A boy walks past rubble in Manta, Ecuador: the IMF says the earthquake reconstruction will likely span 2 to 3 years (photo: EPA/Christian Escobar Mora)

Ecuador Gets $364 Million IMF Loan to Tackle Earthquake Reconstruction

September 9, 2016

  • Ecuador faces huge economic toll after worst earthquake in decades
  • Reconstruction to cost $3.3 billion, growth to contract significantly in 2016
  • IMF ready to continue supporting Ecuador manage economic challenges

The International Monetary Fund has approved and disbursed a $364 emergency loan for Ecuador to help the country finance relief and reconstruction efforts after one of the strongest earthquake in decades. 

On April 16, Ecuador was hit by a powerful 7.8 magnitude earthquake, the worst since 1979. The most affected regions (see chart) are the coastal provinces of Manabí and Esmeraldas, but the quake was also felt in the two largest cities, Quito and Guayaquil. The damage, which left at least 675 dead or missing, more than 4,600 people injured, and 33,000 people in temporary shelters, may cost $3.3 billion to repair, according to a joint assessment by the authorities and the United Nations (Economic Commission for Latin America and the Caribbean). The country expects swift external support from international financial institutions and donors.

The disaster is expected to deepen the country’s recession and recovery efforts will be hobbled by the lack of fiscal buffers. Ecuador’s growth rate—which is largely dependent on oil and exports—had already declined from 3.7 percent in 2014 to just above zero in 2015 due to plunging oil income, U.S. dollar appreciation (the economy is fully dollarized), and limited access to international financing. According to the IMF, real GDP growth is expected to contract by about 2¼ percent in 2016—of which about ½ percent is due to the impact of the earthquake.

The country already received the money under the IMF’s Rapid Financing Instrument, which is intended to help the authorities face an urgent balance of payments need due to the severity of the earthquake. It consisted of a single, upfront disbursement with no conditionality. The loan has a grace period of 3¼ years and 5-year maturity, and an interest rate equal to 100 basis points plus the Special Drawing Right interest rate (totaling 1.05 percent as of September 7, 2016).

Swift government response

The authorities responded quickly by immediately dispatching more than 1,500 emergency personnel to the affected areas, restoring water and electricity in most of the affected regions, and providing medical care to over 31,000 people within the first two weeks. Since then, the government also set up a number of shelters, where part of the displaced population is being housed while the repair and reconstruction of housing takes place. The government expects the rest of the displaced earthquake survivors to find alternative housing solutions (for example, by renting or staying with family or friends) with the help of cash transfers.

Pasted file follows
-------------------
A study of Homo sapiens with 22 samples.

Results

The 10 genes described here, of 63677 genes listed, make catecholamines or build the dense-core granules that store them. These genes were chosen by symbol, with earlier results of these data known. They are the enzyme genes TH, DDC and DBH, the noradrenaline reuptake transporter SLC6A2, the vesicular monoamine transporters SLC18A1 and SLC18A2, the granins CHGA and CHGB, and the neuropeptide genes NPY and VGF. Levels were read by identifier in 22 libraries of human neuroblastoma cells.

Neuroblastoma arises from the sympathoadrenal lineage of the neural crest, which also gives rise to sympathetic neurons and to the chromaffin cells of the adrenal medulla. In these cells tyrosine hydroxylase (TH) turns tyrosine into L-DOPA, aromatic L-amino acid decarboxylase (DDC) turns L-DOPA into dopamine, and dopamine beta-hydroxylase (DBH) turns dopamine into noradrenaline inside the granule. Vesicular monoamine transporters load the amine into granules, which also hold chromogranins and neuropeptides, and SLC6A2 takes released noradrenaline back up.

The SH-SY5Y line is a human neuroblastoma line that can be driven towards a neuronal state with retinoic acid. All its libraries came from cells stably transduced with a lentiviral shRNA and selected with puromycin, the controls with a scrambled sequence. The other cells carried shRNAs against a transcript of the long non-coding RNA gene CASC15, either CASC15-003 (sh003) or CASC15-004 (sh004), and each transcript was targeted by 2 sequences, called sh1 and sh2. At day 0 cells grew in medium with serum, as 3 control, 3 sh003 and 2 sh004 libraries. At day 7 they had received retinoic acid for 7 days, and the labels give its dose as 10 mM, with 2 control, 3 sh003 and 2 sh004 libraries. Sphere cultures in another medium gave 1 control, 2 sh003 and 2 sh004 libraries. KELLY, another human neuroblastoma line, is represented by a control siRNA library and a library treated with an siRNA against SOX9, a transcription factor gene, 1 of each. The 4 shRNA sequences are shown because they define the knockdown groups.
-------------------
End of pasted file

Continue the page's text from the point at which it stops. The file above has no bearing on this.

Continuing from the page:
The authorities also responded with fiscal measures to raise resources to fund the relief efforts, including a two percentage point increase in the value-added-tax rate for a year and a one-time solidarity surcharge tax on wages, corporate profits, and personal assets. At the same time, the authorities considered necessary to extend the duration of the balance of payments safeguards (import surcharges) through May 2017.

External support

The international community promptly mobilized as well. Two weeks after the earthquake, an IMF team visited Ecuador to help the government assess the economic impact and determine the associated financing needs. The country received pledges of external support for the emergency and reconstruction efforts by several international financing institutions, including the World Bank and the Inter-American Development Bank, as well as the United Nations, non-governmental organizations, and bilateral and multilateral donors.

In addition to the $364 million disbursed from the IMF under the Rapid Financing Instrument to help the country with rehabilitation and reconstruction, the authorities expect to receive an additional $360 million in the form of grants or loans in 2016. In order to ensure a transparent process, the government plans to have a separate reporting mechanism for all earthquake-related expenditures.

A long way forward

The reconstruction will likely span 2 to 3 years. While the government temporarily restored most basic services, permanent solutions will take time as the earthquake changed the composition of the soil. In some cases, this will require the relocation of entire communities and, hence, basic services as well.

The government is also working on the economic reactivation of the affected areas, which should be assisted by the reconstruction activity. However, getting the local economies back on track will take some time. The IMF stands ready to continue helping Ecuador address these current and future economic challenges.